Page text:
As if Monday isn’t already a hard enough day to spend inside at work, today’s splendid weather has made it even harder. After waking up to a good deal of clouds, skies cleared out nicely for much of the day, allowing temperatures to rise to near 70 for the third time in a row. I’ll take it -- even if stuck inside most of the day

Through Tonight: Plan on some increase in clouds late evening and beyond, potentially as far as mostly cloudy for a time. It’s a bit warmer than recent nights as lows fall near 50 in the outlying areas to the mid-50s downtown.

Tomorrow (Tuesday): We’re looking at periods of clouds and sun. It may be rather cloudy to start, though I think we see sunnier times during the midday before clouds increase again heading into evening. A few showers may attempt to creep in by late evening, but most of the rain should hold off until Wednesday begins. Highs should range from near 70 to the mid-70s.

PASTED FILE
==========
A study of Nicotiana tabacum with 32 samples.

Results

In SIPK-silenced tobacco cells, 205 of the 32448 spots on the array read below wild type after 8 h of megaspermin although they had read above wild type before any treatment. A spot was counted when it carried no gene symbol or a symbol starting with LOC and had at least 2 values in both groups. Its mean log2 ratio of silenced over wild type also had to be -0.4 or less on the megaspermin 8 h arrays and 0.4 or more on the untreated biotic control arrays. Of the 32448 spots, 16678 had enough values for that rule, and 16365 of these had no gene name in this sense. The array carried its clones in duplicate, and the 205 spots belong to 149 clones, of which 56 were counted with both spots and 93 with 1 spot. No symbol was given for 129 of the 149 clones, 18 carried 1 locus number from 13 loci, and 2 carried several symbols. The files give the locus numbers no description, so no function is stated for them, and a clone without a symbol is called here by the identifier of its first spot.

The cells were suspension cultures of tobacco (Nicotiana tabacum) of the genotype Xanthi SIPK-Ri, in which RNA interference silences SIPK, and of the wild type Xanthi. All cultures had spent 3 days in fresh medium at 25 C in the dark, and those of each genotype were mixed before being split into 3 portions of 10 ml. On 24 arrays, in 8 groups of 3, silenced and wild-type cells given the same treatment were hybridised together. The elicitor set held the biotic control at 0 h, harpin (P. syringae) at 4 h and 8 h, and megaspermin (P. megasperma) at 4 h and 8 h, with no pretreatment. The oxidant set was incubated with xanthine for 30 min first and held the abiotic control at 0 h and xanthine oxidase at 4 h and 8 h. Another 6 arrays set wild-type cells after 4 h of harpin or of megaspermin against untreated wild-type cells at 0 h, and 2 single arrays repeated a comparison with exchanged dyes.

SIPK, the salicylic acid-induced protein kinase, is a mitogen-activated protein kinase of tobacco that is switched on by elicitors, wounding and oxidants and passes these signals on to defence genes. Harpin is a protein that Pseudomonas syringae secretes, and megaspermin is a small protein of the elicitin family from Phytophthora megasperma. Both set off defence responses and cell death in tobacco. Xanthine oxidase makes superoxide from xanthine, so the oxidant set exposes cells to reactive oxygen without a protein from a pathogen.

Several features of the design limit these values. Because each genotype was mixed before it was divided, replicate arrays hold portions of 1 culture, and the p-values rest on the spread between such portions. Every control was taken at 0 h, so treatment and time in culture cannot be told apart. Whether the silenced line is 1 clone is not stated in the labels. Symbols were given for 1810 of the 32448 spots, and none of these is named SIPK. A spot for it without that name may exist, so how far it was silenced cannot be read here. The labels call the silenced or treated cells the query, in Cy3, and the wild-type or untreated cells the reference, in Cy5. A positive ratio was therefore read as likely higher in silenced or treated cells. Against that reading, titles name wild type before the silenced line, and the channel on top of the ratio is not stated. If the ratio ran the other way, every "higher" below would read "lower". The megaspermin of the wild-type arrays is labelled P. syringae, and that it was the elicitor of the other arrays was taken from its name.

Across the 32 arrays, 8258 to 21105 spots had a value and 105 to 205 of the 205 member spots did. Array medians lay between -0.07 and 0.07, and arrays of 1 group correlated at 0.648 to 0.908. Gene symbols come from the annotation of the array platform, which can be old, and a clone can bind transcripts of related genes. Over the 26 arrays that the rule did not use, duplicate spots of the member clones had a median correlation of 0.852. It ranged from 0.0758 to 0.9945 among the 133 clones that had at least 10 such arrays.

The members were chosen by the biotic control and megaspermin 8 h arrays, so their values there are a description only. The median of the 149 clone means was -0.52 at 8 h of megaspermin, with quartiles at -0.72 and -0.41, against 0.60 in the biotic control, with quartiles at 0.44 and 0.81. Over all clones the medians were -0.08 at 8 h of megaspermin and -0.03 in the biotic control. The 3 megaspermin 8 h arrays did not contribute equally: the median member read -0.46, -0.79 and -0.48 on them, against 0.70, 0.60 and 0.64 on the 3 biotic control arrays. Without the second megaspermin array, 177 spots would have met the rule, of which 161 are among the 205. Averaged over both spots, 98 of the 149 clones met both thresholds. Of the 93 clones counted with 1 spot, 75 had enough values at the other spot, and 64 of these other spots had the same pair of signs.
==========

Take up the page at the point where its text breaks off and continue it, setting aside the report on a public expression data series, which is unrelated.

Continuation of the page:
See Jason Samenow’s forecast through the end of the week. And if you haven’t already, join us on Facebook and follow us on Twitter .

Last week’s tornadoes: Seven tornadoes have been confirmed in Virginia from last Thursday’s bout of severe weather. Five of them occurred in the NWS Baltimore/Washington region, including one weak one which produced sporadic damage near Colchester in Fairfax County. Others touched down in Orange County, Fauquier County, Stafford and Prince William counties. Analysis of the event continues, but it is expected that all of these tornadoes were rated EF0 or EF1 across the region.

NFL’s worst: This one probably depends on your view point. For me, watching snow and football is a nice mesh of two worlds. Anyway, The Weather Channel has released its top 5 worst weather cities in the NFL. They’re as follows from #1 to #5: Buffalo, Ny.; Cleveland, Oh.; Pittsburgh, Pa.; Green Bay, Wi.; and Kansas City, Mo. Apparently, cold weather is a negative when it comes to football...

Pollen update: Susan Kosisky from Walter Reed writes, “Tree, grass and weed pollen are all in the LOW range. Several cedar/cypress/juniper family pollen members were observed at 0.64 gr/cubic meter. Ragweed and sage pollen account for our weed pollen at 2.88 gr/cubic meter. Mold spores are in the MODERATE range at 12805.10 spores/cubic meter of air.”